The ten-year inflation-adjusted ratio of price to earnings has been a favorite long-term indicator of market valuation that I regularly update on my website.
Another ratio, less familiar and more tedious to calculate, was developed by economist and Nobel laureate James Tobin. Tobin's Q Ratio is based on the assumption that the combined market value of all the companies on the stock market should be about equal to their replacement costs.
John Mihaljevic, who served as Professor Tobin's research assistant from 1996-98, assisted Tobin in developing a new Q estimation methodology and in periodically updating data related to the Q ratio. John continues to maintain the Q Ratio in an online subscription service at The Manual of Ideas. In addition to monitoring the Q Ratio for the aggregate US market, the service also tracks Q for the 1,000 largest US-listed public companies ranked by market value.
The chart below provides an opportunity to compare the annual Q Ratio with the inflation-adjusted S&P Composite:
Admittedly, the comparison is a bit of apples-to-oranges in that the base for Q Ratio is much broader than the S&P 500, since it is calculated from the Federal Reserve Board's Z.1 statistical release, Flow of Funds Accounts of the United States. The calculation formula is fairly simple (if rather cumbersome to compute), and it is fully documented at the Ideas website. If the market's value consisted solely of its documented assets, Tobin's Q would be 1.0. Such has not been the case. So I've taken the liberty of adding both the average for Q over this 110-year timeframe (0.71) and the geometric mean (0.65), which favors the central tendency of the set of numbers.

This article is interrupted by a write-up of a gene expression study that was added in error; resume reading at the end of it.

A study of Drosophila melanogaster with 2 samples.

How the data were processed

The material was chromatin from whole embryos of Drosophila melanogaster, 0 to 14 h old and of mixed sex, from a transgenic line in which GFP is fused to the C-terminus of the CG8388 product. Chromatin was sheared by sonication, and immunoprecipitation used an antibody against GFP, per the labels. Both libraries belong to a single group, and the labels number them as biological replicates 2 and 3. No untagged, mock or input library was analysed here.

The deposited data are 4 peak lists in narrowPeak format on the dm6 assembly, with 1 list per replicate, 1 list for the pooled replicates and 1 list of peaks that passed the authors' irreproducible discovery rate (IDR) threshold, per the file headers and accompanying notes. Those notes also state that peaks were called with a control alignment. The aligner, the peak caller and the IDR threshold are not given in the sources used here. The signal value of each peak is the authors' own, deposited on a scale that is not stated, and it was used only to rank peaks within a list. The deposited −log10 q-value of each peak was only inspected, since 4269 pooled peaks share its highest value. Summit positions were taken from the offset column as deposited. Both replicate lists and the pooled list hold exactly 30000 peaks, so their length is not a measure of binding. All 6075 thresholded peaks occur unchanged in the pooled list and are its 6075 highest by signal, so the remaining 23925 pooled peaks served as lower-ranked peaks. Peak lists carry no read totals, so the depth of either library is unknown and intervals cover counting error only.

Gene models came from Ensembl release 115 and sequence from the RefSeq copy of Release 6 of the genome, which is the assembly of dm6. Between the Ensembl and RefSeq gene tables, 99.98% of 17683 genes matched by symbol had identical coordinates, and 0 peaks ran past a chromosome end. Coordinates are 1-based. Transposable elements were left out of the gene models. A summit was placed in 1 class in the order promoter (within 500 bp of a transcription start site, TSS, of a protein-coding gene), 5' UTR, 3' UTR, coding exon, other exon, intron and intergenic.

The chart below is my latest update of the S&P Composite and the P/E10. A comparison with the chart above shows a remarkable similarity between these two radically different measures of market valuation.
I receive numerous emails from readers who question the validity of the P/E10 valuation over such a long timeframe. Their objections usually have an underlying assumption that the world has undergone a dramatic change since those bygone decades. They note that today's market has the benefit of new technological efficiencies, it's composed of different stocks, and intangible assets are inadequately accounted for because we've transitioned from an industrial nation to a nation of services in the Information Age. Readers of this opinion will be inclined to discount the 44.2 P/E10 and 1.88 Q Ratio near the top of the Tech Bubble.
Perhaps they're right and we'll never again see a single-digit P/E10. Perhaps the Q Ratio of 0.55 in 2009 is the contemporary equivalent of 0.29 in previous decades. On the other hand, those huge peaks in the two ratios may have been the result of a long-term but inevitably reversible demographic pattern — a generation of Boomers approaching their highest income years in an era of unprecedented consumption.